Annual training is just around the corner. The Army National Guard does not always do well at keeping their promises, but this one is always kept- those ‘two weeks a year’ they mention in their commercials and billboards are always penciled in.
It’s similar to a month ago, when the Guard called on hundreds of troops in our state, sending them to riverbanks and towns that had turned into lakes. They hoisted up sandbags, waded through murky, knee-deep water, and slept in tents in a parking lot. They worked much more than an eight hour day, and they ate MREs between tasks. Those men have used their hands to hold M-16 rifles in Afghanistan, but during the flooding, they used those hands to knock on doors of flooded homes, and drive humvees from town to town in the rain. It’s the very purpose of the National Guard.
Whether the scheduled AT or the unplanned active duty, it means he’s away. Packing his things hastily the night before, my husband leans in towards me, and I see an outline of a man in a patrol cap bend down to kiss me goodbye. We don’t always know how long he’ll be gone. And no, this isn’t a deployment. He isn’t fighting a war with bullets searing the air around him, and he isn’t a million miles away. But he’s still gone.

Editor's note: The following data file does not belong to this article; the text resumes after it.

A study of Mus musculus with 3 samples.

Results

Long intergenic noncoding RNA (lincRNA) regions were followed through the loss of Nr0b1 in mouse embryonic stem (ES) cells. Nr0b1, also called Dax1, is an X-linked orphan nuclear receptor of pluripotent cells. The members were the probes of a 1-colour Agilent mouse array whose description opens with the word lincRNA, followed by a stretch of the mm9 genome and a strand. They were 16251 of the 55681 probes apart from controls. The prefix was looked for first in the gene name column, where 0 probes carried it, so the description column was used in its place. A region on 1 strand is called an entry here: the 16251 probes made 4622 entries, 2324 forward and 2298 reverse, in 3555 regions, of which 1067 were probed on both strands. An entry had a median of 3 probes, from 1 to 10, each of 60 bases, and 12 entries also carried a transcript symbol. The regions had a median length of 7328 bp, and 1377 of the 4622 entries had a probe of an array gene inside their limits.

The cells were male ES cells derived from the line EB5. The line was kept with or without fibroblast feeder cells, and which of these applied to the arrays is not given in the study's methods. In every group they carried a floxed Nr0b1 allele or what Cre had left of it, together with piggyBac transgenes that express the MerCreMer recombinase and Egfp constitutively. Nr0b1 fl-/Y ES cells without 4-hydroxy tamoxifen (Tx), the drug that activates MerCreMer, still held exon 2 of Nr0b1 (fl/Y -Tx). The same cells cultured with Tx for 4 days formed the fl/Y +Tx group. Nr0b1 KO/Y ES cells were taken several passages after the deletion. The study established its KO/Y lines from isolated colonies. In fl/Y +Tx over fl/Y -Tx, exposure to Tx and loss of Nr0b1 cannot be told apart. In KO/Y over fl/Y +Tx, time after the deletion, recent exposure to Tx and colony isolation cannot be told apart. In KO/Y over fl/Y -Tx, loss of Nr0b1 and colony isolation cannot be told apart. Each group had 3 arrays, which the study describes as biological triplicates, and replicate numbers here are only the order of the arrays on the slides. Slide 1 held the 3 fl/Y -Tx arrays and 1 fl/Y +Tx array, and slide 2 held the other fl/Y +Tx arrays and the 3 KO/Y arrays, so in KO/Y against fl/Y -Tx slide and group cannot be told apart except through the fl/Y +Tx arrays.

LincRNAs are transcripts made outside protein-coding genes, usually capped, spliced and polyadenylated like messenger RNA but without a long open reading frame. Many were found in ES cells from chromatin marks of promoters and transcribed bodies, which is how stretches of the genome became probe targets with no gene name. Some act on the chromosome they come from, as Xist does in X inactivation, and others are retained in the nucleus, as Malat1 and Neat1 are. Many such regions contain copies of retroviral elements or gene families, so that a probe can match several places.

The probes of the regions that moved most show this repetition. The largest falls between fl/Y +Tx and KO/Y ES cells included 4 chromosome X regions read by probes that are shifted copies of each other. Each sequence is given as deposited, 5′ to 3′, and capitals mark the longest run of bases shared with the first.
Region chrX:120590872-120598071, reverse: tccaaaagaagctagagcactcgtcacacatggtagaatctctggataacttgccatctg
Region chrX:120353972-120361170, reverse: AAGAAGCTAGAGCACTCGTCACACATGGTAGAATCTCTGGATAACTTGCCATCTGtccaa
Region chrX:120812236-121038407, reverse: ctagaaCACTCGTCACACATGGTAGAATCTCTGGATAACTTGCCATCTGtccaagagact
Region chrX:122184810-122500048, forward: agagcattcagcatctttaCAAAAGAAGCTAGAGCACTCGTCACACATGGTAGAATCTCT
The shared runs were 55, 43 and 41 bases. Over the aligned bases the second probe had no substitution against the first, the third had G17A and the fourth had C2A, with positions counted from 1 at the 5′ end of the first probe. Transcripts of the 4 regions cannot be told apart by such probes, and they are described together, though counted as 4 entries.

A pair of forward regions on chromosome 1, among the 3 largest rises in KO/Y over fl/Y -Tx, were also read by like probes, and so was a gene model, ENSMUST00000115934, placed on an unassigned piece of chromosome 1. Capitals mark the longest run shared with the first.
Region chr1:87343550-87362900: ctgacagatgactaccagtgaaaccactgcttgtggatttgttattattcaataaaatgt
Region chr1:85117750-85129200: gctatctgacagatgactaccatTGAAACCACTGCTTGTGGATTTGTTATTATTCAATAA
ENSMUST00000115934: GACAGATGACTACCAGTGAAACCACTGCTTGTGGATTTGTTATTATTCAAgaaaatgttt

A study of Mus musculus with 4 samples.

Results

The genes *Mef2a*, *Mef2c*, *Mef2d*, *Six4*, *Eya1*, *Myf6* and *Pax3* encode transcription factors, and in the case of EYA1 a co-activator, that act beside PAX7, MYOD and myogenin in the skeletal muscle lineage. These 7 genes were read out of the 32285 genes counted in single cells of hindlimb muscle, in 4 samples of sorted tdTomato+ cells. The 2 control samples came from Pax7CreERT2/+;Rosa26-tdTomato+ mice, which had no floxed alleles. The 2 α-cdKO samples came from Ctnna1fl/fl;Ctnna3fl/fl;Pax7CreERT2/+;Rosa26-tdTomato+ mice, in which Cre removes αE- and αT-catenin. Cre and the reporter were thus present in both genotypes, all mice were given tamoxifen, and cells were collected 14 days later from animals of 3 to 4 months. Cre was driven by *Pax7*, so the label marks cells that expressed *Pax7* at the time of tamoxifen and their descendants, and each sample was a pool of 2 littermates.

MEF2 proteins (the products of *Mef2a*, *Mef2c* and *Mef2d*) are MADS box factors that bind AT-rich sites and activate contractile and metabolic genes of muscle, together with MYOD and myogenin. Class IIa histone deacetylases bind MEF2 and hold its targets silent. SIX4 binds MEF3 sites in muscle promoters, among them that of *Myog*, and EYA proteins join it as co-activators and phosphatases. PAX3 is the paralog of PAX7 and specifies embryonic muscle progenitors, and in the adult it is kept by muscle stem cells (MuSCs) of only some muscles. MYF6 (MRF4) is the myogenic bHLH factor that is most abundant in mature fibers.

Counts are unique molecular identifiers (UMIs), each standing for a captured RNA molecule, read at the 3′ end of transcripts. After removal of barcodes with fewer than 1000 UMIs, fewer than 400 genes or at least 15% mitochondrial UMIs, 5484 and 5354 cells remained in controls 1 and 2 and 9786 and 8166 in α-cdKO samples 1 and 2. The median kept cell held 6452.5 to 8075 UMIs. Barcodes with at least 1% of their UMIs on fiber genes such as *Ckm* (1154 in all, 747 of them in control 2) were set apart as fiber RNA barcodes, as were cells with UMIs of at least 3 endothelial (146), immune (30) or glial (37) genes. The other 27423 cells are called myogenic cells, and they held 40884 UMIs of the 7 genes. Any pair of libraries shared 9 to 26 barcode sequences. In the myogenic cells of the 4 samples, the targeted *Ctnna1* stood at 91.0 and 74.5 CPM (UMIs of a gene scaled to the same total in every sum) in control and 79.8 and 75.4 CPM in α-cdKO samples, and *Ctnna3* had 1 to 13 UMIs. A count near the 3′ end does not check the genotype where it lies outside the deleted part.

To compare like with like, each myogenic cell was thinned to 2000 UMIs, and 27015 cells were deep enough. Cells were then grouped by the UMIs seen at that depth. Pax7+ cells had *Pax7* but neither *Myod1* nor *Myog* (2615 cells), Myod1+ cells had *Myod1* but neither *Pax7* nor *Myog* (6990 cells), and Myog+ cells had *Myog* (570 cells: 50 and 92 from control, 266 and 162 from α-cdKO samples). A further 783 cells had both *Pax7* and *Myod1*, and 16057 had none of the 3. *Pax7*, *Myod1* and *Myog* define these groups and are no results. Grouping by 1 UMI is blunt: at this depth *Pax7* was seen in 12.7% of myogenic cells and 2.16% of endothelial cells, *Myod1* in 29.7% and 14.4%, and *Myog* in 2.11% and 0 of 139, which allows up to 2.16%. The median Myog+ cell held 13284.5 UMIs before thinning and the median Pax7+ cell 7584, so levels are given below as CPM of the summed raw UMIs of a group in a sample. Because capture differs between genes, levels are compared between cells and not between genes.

People may not understand that while I am not greatly concerned about his physical safety, my husband isn’t home and home doesn’t feel right without him. There’s no life or death in this, but in a strange way, it’s an unexpected, miniature deployment. I go through many of the same motions as I did while he was overseas. The bad habits come back- wearing sweatpants around the clock, eating even more junk food than usual, and checking my phone regularly to make sure I didn’t miss a text from him. My daughter and I laze our way through the days, and she sometimes seems to get pretty tired of only seeing my face. I can’t say I blame her.
But during this pseudo-deployment, I can be thankful for many things. Most importantly, I can be grateful that he is not overseas in a war zone. I can shift my focus back to priorities, and the time apart gives us the space to remember all the things we love about each other. We are reminded to not take things for granted. I am reminded that I can run the household alone, and I am also reminded that it is better when he is here.
I cannot say I look forward to AT, or to any time that my husband is gone. But the positives are things that civilian couples don’t always get to experience, and for that, I am grateful. And the homecomings are always sweet.